I started playing World of Warcraft in October, 2006. I have friends who’ve been playing since the game was released in November, 2004. I played it for a couple hours last night after taking a three month break, and I didn’t find the playing experience as fun as I once did, which prompted me to create this post while I have that kinda objective opinion about it in my head.
World of Warcraft is a MMORPG – massively multi-player online role-playing game. You create and control a character in a world where thousands of other players also play. You complete quests that reward you with items, gold, and experience points, which all help you reach the highest level of 70.
There are three types of game-play you can choose when you create a character, two of them being available regardless of how you choose to play:
- PvE – Player versus Environment: Players fight against computer-controlled creatures.
- PvP – Player versus Player: Players can attack other players from the opposing faction, in addition to computer-controlled creatures.
- Role-playing in PvE or PvP: this is the D&D-type (Dungeons and Dragons) mode, where players are expected to behave as if the virtual world is real; that is, all communication should be about that fantasy world – no facet of reality should be mentioned in-game.
The game has an annoying learning curve. It comes with its own used by players in addition to having too many acronyms, along with theories about how to play your class effectively, which isn’t officially documented well; you have to go to independent websites like wowwiki or wowhead to learn the finer points about how to play the game optimally.
The good points about it:
- The virtual world is huge.
- There are a good variety of play-styles from the classes you can play.
- The tools (chat, audio) that allow you to interact with friends make the experience more enjoyable.
- The PvP competition is challenging and fun, if you’re into that kind of thing.
- The ambient music is excellent.
- The graphics are very good; it works well on low-end machines (PCs and Apple).
- The story-line and lore is exhaustive.
- Its open environment allows you to do anything you want; that is, you don’t have to follow the story-line at all – you can do whatever you want.
- Patches are introduced every few months that deliver new content and bug fixes.
The bad points:
- Once you’ve leveled a character to 70, starting another from scratch can be tedious: there isn’t too much variation in quests and environments, even if you play a different class and faction.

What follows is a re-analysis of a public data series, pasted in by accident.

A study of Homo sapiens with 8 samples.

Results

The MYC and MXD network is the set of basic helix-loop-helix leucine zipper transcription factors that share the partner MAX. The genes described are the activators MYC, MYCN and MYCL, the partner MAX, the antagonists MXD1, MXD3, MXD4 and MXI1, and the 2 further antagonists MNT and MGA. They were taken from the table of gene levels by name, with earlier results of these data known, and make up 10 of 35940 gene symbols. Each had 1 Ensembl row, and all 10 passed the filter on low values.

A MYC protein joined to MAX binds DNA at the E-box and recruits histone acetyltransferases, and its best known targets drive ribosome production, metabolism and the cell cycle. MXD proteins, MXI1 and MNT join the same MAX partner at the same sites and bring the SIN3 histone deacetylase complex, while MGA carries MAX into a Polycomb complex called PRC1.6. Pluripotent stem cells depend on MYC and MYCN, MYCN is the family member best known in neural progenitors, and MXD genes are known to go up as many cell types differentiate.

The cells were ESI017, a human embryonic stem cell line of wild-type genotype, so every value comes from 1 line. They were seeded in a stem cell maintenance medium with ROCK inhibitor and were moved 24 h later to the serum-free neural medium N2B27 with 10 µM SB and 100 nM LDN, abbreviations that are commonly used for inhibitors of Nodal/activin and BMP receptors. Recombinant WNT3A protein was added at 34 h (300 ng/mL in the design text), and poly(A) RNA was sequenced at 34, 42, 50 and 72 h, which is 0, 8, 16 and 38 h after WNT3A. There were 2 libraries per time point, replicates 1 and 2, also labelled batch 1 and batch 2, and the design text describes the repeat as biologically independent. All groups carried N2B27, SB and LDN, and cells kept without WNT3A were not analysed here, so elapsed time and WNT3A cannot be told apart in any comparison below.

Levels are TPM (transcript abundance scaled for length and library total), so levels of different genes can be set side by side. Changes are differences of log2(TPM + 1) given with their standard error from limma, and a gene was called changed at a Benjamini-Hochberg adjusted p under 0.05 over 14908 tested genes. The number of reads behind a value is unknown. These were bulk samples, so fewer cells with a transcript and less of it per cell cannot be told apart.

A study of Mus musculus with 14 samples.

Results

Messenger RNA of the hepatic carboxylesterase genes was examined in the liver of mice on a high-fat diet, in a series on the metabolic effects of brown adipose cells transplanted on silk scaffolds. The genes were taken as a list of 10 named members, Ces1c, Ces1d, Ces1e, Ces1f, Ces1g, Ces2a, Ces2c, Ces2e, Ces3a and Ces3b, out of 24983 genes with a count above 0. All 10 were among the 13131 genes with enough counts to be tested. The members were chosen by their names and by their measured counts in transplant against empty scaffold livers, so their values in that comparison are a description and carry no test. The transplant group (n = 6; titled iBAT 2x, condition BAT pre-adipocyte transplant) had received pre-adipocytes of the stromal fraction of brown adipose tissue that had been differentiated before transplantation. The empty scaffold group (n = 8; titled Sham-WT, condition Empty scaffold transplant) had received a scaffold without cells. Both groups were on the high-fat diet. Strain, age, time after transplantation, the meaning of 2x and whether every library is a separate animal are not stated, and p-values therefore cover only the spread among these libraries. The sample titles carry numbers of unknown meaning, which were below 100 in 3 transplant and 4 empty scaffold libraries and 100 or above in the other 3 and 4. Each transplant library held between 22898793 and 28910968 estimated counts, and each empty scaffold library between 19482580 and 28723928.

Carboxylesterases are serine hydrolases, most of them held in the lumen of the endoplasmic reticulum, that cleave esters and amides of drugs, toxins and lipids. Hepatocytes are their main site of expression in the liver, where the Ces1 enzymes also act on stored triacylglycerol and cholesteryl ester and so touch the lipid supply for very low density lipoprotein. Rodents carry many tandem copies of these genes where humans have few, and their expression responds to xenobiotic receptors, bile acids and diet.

- It’s learning curve is long and difficult; you’re always learning something, which could be good, I guess.
- It has a reputation of being addictive, where people don’t know when to quit, neglecting real life obligations.
- There’s not a lot to do after you reach end-game content. Creating a character with a different class and faction introduces some variety, but the variety of game-play doesn’t change much: you have to complete quests, do instances, and participate in battlegrounds. Some people will never see end-game content that requires 20+ people for an instance, missing out on character rewards and a lot of the story-line.
- The game’s story-line is too exhaustive; I stopped caring about it because there were too many characters with unpronounceable names in its history. A lot of it is silly, too.
- You have to pay about $15 per month to play it.
I haven’t played in the past three months. Now that I’m in end-game content, I got bored with routine tasks. I’m in a guild that’s progressing well towards the final goal, but it’s often frustrating: you have to learn how to kill certain bosses and mobs, along with organizing the group in the first place. I did play for a couple hours last night, but afterwards I thought: what the fuck have I done or accomplished tonight? I played a game. Great. I felt dissatisfied with spending my time playing the game when I could’ve been doing something productive, although I probably wouldn’t have done something productive; that is, I probably would’ve read J-Walk.
Summary: it can be a fun game, especially if you can immerse yourself into its fantasy world and have friends to play with, and you can play responsibly.
Blizzard, the game’s manufacturer, claims there are over 10 million players. Not all of those exist in one virtual world. There are dozens of servers, each split up by global region (eg. North American servers) and the style of play (as described above).